Gjetost: Freakish Norwegian Caramel CheeseMar 14, 2004 · peterb · 4 minute read
Food and Drink
I have a cheese problem.
My problem centers around the fact that the two best cheesemongers in town (Penn Mac and Whole Foods) are somewhat inconvenient for me to reach without planning. So I often find myself in the local supermarket, Giant Eagle, which purports to have a good selection of cheese. And they do: in the abstract, their selection is “ok.” Nothing fabulous, but they often have cheeses that I would like to eat, especially if I haven’t had time to pick up something great at Penn Mac.
However, for some reason that I don’t fully comprehend, Giant Eagle wraps their cheese in a plastic that makes all of their cheese taste disgusting – it has a penetrating, oily, plastic aroma that can manage to penetrate to the core of the stinkiest Stilton. Some middle-level manager probably had to go out and do hard research to locate a plastic that was this effective at completely ruining cheese. So I am caught in an infinite cycle wherein I am craving cheese, but I have no cheese, and I’m in the supermarket, and Giant Eagle has a type of cheese that I want, and I know that it will probably taste like rancid plastic but I still convince myself that somehow it won’t taste bad this time, and I buy the cheese anyway, and I bring it home, and it tastes like plastic and I am sad and swear that I’ll never do that again. Since I don’t seem to be able to break my habit of buying cheese at the supermarket when I’m craving it, I’ve developed a tactic designed to minimize the risk: only buy cheeses that were factory-wrapped, rather than cheeses cut and wrapped at the supermarket. These generally end up being not top-of-the-line cheeses, because of the way they are packaged and sold, but my logic is that it’s less depressing to buy a cheap cheese that turns out to be not very good than it is to buy a superb stilton that tastes like plastic because of an incompetent cheesemonger’s stinky packaging.
Following that tactic today led me to buy “gjetost,” which I knew nothing about other than it is Norwegian and comes in a cute small square package.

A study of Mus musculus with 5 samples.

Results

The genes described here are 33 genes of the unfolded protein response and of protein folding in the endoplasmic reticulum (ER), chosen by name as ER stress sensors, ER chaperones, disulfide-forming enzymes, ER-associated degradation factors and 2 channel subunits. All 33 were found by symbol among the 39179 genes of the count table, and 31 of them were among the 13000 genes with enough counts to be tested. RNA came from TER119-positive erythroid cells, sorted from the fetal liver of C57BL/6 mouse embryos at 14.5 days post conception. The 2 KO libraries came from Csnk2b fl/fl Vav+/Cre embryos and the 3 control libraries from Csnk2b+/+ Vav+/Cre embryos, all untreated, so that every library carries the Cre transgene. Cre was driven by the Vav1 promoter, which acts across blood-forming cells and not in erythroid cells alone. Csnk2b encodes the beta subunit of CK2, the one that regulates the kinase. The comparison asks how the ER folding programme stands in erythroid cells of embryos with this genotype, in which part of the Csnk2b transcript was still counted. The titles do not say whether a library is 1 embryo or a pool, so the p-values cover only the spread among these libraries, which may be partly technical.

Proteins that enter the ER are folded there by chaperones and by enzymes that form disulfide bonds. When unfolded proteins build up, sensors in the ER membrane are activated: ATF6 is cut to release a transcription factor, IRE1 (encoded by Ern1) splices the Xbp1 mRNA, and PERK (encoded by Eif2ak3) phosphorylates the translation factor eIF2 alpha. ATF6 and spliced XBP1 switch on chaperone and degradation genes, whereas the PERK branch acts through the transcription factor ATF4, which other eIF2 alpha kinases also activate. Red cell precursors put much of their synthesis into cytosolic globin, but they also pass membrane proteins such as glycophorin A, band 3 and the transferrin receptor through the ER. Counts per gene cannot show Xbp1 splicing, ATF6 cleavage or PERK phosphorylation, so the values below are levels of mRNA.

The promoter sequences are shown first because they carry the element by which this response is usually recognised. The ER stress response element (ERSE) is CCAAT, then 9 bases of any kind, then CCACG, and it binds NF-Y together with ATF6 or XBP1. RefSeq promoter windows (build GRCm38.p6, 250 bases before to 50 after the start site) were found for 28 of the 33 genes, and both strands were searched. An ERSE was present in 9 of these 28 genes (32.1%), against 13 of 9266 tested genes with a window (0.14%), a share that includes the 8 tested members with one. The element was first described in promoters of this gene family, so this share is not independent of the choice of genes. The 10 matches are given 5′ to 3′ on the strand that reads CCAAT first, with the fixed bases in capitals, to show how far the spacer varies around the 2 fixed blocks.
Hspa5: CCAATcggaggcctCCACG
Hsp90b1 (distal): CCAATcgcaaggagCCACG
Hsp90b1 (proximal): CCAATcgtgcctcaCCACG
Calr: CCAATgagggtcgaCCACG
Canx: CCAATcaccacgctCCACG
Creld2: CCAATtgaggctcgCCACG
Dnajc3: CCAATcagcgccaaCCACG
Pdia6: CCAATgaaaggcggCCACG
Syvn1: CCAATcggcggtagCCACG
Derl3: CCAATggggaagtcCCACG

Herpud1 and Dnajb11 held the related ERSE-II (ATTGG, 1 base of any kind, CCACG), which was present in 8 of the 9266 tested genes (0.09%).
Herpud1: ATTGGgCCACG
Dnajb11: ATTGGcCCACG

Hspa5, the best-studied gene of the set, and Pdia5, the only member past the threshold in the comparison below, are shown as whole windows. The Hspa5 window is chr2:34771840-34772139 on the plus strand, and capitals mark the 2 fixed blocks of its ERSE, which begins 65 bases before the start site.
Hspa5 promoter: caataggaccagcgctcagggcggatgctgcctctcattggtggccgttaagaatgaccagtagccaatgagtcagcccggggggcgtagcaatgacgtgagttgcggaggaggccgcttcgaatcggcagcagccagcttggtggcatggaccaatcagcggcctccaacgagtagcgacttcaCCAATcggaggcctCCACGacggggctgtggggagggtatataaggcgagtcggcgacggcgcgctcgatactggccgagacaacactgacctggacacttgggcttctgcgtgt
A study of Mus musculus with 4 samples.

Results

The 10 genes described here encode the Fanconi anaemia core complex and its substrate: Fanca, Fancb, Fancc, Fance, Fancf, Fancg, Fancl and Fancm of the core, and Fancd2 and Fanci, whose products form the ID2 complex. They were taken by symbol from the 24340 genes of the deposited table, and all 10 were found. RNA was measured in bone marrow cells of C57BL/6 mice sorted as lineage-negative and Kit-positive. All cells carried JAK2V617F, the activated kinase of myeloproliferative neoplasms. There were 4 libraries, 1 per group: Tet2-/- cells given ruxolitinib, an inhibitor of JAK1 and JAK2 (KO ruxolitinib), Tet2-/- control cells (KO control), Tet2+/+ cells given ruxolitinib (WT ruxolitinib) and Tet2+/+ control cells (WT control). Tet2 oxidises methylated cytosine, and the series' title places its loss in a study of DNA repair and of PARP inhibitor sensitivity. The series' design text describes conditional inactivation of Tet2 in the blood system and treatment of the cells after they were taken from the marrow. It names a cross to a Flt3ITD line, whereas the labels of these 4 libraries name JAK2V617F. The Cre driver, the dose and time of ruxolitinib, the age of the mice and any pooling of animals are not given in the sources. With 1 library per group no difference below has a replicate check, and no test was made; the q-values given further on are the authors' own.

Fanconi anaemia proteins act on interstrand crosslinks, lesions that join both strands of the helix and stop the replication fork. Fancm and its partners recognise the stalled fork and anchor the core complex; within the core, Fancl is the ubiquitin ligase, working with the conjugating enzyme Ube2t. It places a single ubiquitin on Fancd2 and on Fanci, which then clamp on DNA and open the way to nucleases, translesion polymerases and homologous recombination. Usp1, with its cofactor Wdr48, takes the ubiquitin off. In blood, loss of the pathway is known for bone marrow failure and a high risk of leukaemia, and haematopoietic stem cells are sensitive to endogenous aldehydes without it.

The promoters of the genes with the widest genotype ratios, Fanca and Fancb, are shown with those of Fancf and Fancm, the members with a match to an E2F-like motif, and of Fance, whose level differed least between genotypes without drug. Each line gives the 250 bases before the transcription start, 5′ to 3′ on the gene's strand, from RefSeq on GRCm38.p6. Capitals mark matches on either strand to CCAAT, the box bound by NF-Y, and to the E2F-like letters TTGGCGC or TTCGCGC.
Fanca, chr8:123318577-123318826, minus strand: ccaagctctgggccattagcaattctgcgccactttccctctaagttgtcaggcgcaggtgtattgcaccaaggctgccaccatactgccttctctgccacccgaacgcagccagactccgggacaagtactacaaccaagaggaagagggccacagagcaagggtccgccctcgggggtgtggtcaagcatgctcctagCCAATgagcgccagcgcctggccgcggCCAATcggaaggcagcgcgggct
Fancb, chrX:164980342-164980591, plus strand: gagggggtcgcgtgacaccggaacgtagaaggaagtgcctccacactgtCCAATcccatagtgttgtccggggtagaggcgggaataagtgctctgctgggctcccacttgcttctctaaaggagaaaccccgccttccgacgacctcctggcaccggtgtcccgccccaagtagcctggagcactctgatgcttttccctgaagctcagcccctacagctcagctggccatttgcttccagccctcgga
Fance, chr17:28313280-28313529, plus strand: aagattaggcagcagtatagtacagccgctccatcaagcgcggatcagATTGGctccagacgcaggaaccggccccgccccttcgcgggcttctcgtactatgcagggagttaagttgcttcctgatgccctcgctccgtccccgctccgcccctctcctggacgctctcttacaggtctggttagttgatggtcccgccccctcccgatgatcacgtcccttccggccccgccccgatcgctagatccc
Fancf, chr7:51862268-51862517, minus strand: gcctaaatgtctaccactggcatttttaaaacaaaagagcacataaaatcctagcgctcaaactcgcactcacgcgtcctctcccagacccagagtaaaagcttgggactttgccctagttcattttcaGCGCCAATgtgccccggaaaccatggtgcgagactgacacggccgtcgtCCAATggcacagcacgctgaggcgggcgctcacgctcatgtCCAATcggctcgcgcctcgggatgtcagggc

Gjetost is…odd. I am not entirely convinced it is really cheese. I think it may actually be a very large piece of “Bit-o-honey” candy.
First impressions: medium-brown or dark tan, it has a consistency just a little softer than salt-water taffy, firm to the touch without being actually hard. The package recommended slicing off thin slices, so that’s what I did. The odor was a distinct burnt caramel; the first taste is sweet, just beneath a level I’d consider cloying. The second, third, and fourth tastes are like that too.
So I’m eating this candy cheese thinking “this can’t possibly be right,” so I turned to the internet, which confirmed that, yes, this is indeed what gjetost is supposed to be like. It’s a cow’s and goat’s milk cheese which is prepared such that some of the lactose caramelizes. One site suggested that it’s common in Norway to enjoy it with a cup of coffee for breakfast. I happened to have just brewed a pot of coffee so I tried it: it didn’t improve the experience substantially.
People describe gjetost as a “love it or hate it” experience. I don’t love it or hate it. But I might give out slices to trick or treaters next Halloween.
Remember: a life without cheese is not worth living.
- Information about gjetost.
- How to make your own gjetost.
- Or, as obsessive gjetost fans have discovered, you can buy it over the internet.
- Gjetost is marketed in the US by Nestle, Inc. as Bit o’ Honey.
- The Pennsylvania Macaroni Company is the best place to buy cheese in Pittsburgh.
- I’d much rather be eating Ami du Chambertin.